Pyramid Science


Dark Phenomena

    • An object in space that has almost no volume and infinite density. Its gravity is so strong that within a certain distance from it, nothing, not even light, can escape. A black hole is formed when a star more than 10 times as massive as our Sun collapses and explodes as a supernova. A super massive black hole with the mass of a million or more stars is thought to reside at the centre of most galaxies. Speculated by inference only.
This is all conjecture and unproven, though accepted by the scientific community as 'fact'.
    • A hypothetical and speculative form of energy that permeates all space and is thought to increase the rate of expansion of the universe. The Cosmological Constant And Dark Energy. Dark Energy is the leading explanation accounting for the recent observation that the universe appears to be expanding at an accelerating rate. This is a consequence of observation of Type 1a Supernovae. Dark Energy currently accounts for 74% of the total mass-energy of the ('known') universe.
    • Matter that cannot be observed because it does not emit electromagnetic radiation. Its existence is inferred (fits the paradigm) by its gravitational influence in galaxy clusters and galactic halos as well as the warping of space measured by gravitational lensing.

The three concepts of the Black Hole, Dark Energy and Dark Matter constitute speculation to attempt the explanation of observed phenomena. Mostly gravitational affects. Nothing can be seen, all blackness or invisible, and so none of it can be examined. Only the inferences. This by itself should create wariness about the entire topic of speculation. The centre of any galaxy is proposed to contain a Black Hole, yet most images show a brilliant light source. Should such a massively high gravitational entity exist, the light escaping from this location is in conflict with the idea that even light cannot outrun its pull. The centre of a (spiral) galaxy should be empty blackness. No light.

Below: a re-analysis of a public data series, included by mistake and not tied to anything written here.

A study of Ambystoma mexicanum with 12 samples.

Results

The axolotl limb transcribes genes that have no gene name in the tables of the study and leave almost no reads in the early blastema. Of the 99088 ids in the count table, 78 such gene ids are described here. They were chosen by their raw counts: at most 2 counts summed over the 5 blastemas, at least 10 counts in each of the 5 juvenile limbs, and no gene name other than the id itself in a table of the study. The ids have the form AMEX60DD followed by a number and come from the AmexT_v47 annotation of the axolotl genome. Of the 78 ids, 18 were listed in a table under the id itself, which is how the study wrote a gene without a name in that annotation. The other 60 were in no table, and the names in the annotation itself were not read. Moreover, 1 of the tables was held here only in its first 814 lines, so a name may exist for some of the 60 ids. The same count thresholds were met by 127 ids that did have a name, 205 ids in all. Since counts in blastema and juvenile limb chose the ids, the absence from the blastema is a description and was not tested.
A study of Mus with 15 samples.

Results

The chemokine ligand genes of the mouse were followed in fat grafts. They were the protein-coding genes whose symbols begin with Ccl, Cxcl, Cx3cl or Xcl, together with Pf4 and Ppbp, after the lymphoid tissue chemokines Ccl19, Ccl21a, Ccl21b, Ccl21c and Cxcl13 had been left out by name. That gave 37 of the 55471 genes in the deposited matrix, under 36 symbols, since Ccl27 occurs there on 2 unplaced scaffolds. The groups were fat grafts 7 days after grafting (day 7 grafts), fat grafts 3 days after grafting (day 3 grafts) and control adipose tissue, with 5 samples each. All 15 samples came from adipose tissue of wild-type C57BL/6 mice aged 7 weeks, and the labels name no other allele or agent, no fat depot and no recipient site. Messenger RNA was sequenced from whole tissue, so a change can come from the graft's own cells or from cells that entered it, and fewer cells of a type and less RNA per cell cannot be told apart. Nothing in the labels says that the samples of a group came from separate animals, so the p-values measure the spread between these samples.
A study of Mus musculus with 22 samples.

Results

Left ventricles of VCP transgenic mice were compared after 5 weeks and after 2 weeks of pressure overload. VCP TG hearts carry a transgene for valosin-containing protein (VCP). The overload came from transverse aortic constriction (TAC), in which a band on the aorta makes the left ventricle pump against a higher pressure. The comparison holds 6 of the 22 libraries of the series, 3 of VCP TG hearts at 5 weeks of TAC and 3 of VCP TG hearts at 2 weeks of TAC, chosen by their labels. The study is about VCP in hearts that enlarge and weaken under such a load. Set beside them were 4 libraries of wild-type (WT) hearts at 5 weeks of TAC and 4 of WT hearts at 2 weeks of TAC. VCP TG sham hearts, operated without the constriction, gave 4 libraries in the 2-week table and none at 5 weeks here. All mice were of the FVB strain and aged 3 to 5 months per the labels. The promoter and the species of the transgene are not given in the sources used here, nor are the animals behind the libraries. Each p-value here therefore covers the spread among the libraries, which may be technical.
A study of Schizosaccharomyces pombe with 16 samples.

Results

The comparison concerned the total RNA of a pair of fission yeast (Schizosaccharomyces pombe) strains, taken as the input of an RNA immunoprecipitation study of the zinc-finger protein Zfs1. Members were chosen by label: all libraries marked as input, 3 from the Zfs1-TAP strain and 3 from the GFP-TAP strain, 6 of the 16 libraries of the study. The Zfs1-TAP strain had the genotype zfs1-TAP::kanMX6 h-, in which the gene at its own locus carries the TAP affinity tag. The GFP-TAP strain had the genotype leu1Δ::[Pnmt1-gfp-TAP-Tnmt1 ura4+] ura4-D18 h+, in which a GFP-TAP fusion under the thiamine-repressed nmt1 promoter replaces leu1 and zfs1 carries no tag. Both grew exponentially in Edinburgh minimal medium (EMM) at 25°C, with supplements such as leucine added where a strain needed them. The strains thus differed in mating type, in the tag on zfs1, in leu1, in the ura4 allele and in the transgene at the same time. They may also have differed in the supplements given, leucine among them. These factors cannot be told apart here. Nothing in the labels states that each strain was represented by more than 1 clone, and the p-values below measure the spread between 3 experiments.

The Local Group is the name given to the 36 or so galaxy groups that span an estimated 6 million light years across. This region is a (presumed) small part of the universe though how small or large cannot ever be determined. Perhaps containing over a trillion Suns that are assumed to be similar, though varying in magnitude and size to The Sun at the centre of our solar system [8 planets (excluding Pluto)], the Milky Way ('home' galaxy) is at the edge of a Local Supercluster. More speculation suggests that there might be a Dark Galaxy, a clump of hydrogen and Dark Matter that has yet to form stars. Highly speculative. Through collisions and mergers of small galaxies and star clusters, order has evolved from chaos and larger galaxies have been created from the aggregation of many smaller ones. This blending of galaxies has been described as being like a gigantic food mixer: the Cosmic Cuisinart. Contrails a hundred million light-years long exist made up of the wispy streams of stars generated from the ripped-apart galaxies and shine as the halo of The Milky Way (Spiral galaxy). This halo is possibly populated by older stars that formed in the Local Group billions of years ago.

Dwarf galaxies are fragile and show disruption as they venture close to the gravitational centre of The Milky Way. They currently represent the best model for the birth of a galaxy in the early universe and predict an invisible form of matter known only by its gravitational force. This is known as Dark Matter since it has no light. After the Big Bang, Dark Matter was able to attract ordinary matter in the form of vast clouds of gas. The most dense clouds contracted to form stars and galaxies and the dwarf galaxies were the first to emerge.